Okay, let me first say that I have a Masters in Counseling and am currently pursuing my state licensure as well as my post-graduate play therapy certification. So my take on parenthood is slightly more...how shall I say...OBSESSIVE than some. You know how people with parents who are therapists are usually a little different (all the analysis can be overwhelming at times for a kid or teen)? I'm trying not to be that gal. And yet, I obviously buy into the theories I work with and they have a huge impact on how I plan to raise my daughter.
One thing I think plays a huge role in raising healthy kids, is how we encourage them to define themselves. We do it all the time without much thought--"you're so pretty!" or "you are so awesome at basketball/dance/soccer" or whatever. At a very young age, kids pick up on these definitions of self, and it can create in them a sense that "self" is defined externally rather than internally. Or in other words, it enforces the idea that we are what we do/what we look like/how well we perform.
The biggest problem with that kind of enforcement, is that kids then start to seek outside sources of self-worth. Which may seem okay for a minute if your kid is the drop-dead gorgeous soccer star, but what would happen if that kid had an accident or illness that changed his looks or athletic ability? Most likely the child who identifies himself externally is going to then feel like he has lost everything. He is no longer beautiful or athletic. He is no longer himself. Or even in a less dramatic situation, if that kid is constantly seeking external affirmation of his self-worth, what happens when he gets a bad report card or becomes the victim of negative school gossip? Again, this child will feel like he is no longer valued as highly, therefore he is not worth as much.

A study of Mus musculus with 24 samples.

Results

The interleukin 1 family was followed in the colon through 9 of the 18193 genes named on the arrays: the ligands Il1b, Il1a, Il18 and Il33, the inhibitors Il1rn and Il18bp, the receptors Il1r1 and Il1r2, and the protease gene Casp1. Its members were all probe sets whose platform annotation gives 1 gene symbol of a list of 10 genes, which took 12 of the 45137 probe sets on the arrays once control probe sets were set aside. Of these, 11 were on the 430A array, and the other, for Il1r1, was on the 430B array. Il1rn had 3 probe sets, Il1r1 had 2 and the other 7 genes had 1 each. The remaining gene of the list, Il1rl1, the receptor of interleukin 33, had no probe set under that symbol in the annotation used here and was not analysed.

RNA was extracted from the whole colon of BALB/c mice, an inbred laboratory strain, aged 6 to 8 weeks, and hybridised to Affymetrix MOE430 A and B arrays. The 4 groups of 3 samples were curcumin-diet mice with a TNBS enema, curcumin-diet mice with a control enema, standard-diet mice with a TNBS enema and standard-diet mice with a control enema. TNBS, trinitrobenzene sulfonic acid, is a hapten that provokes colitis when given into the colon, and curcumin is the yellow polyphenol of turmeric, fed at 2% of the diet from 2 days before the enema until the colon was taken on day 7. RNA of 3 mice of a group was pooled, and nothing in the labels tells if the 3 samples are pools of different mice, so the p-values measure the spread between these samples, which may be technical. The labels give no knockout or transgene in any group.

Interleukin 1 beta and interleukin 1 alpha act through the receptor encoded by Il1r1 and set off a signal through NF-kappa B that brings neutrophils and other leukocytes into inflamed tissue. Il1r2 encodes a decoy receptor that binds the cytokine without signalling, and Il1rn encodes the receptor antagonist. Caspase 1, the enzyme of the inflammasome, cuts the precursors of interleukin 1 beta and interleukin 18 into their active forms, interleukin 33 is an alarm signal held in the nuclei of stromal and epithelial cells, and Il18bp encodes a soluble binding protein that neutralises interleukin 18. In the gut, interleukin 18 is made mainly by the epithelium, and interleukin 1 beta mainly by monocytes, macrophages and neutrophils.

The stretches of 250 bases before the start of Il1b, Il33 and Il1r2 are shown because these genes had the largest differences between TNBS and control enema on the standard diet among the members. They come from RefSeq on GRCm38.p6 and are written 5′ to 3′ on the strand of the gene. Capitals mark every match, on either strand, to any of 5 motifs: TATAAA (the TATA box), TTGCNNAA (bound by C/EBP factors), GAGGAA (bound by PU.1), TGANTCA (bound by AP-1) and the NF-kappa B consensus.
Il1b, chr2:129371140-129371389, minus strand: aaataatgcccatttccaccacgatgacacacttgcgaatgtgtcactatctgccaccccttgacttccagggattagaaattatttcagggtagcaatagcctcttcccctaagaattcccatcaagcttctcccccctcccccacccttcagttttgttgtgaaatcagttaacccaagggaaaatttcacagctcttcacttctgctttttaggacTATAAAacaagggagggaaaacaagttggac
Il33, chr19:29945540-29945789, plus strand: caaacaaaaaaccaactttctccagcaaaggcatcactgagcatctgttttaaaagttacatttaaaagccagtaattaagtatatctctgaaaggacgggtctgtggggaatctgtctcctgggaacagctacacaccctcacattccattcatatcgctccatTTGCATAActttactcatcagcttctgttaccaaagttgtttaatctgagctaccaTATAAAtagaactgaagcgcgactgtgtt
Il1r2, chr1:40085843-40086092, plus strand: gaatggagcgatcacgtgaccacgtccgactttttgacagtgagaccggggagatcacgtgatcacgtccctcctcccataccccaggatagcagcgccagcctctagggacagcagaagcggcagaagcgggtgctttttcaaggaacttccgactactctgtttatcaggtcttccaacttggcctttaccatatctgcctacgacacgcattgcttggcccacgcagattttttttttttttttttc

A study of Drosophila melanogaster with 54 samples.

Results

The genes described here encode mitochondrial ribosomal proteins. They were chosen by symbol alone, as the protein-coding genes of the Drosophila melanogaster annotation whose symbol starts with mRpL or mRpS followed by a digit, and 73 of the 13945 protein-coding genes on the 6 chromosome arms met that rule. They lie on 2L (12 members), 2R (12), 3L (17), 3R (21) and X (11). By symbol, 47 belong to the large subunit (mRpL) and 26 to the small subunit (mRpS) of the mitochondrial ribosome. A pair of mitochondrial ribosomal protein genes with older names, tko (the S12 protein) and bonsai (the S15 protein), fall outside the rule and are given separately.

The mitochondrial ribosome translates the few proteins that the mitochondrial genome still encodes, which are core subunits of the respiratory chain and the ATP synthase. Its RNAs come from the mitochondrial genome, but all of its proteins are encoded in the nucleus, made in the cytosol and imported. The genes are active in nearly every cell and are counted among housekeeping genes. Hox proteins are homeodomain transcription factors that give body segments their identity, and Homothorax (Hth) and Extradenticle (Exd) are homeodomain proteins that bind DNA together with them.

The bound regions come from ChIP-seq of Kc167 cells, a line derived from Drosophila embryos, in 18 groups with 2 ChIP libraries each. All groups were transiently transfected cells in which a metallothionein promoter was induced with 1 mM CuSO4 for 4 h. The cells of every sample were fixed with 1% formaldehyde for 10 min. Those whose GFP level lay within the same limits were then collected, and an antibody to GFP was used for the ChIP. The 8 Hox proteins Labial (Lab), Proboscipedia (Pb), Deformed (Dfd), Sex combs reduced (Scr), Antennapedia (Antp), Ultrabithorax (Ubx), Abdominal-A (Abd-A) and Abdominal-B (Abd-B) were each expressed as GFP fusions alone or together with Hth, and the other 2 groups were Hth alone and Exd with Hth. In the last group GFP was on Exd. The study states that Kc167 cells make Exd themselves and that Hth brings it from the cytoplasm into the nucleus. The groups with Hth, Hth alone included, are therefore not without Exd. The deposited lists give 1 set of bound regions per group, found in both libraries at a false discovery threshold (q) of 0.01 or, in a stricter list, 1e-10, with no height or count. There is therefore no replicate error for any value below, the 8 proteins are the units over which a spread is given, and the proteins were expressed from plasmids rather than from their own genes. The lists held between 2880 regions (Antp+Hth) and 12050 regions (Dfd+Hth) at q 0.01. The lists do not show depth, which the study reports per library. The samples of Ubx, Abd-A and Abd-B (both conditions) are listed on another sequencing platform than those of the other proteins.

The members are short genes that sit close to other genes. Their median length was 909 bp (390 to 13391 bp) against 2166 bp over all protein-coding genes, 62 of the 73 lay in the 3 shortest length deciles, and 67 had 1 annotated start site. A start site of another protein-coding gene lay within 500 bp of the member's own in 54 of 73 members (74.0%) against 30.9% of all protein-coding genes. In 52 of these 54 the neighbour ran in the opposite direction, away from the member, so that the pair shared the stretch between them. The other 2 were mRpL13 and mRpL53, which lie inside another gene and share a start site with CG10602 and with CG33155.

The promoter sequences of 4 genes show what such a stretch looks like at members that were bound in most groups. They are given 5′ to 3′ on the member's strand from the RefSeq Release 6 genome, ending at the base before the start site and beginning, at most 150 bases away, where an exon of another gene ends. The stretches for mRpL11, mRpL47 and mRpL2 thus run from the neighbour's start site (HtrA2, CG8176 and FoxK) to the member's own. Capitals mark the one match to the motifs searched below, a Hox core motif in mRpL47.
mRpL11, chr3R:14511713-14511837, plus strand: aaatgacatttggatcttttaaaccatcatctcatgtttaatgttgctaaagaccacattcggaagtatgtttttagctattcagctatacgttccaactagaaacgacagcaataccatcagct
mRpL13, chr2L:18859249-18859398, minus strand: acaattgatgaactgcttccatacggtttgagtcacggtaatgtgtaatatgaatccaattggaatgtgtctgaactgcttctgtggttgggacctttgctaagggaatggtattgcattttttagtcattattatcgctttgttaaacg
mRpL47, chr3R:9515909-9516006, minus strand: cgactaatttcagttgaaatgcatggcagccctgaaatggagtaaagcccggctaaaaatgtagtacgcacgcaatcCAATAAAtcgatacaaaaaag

If we instead teach our kids to find their self-worth inside and not look for it from others, we give them the gift of self-assurance. These kids know who they are and are proud of it. If someone doesn't like this kid's artwork, he shrugs and says, "well, I like it and that's really what matters". It's a slight difference in approach that can make a huge and lasting difference in self-perception from childhood to adulthood.
The thing is, enforcing the external is so easy to accidentally do. My husband and I noticed that we were really saying a lot to Everleigh (my eleven month old daughter), "you're so pretty!" and "you're beautiful" and so on. Of course, we believe this to be true :), but we had to put ourselves in check and change our language to be more reflective of who she is, rather than what she looks like. Now, we try to say more things like, "you're so brave" or "you're so smart", or "you're proud of yourself for climbing that, aren't you?"
Hopefully by making small changes like this, we can help raise a girl who puts less stock in what everyone thinks of her and more stock in what she thinks of herself.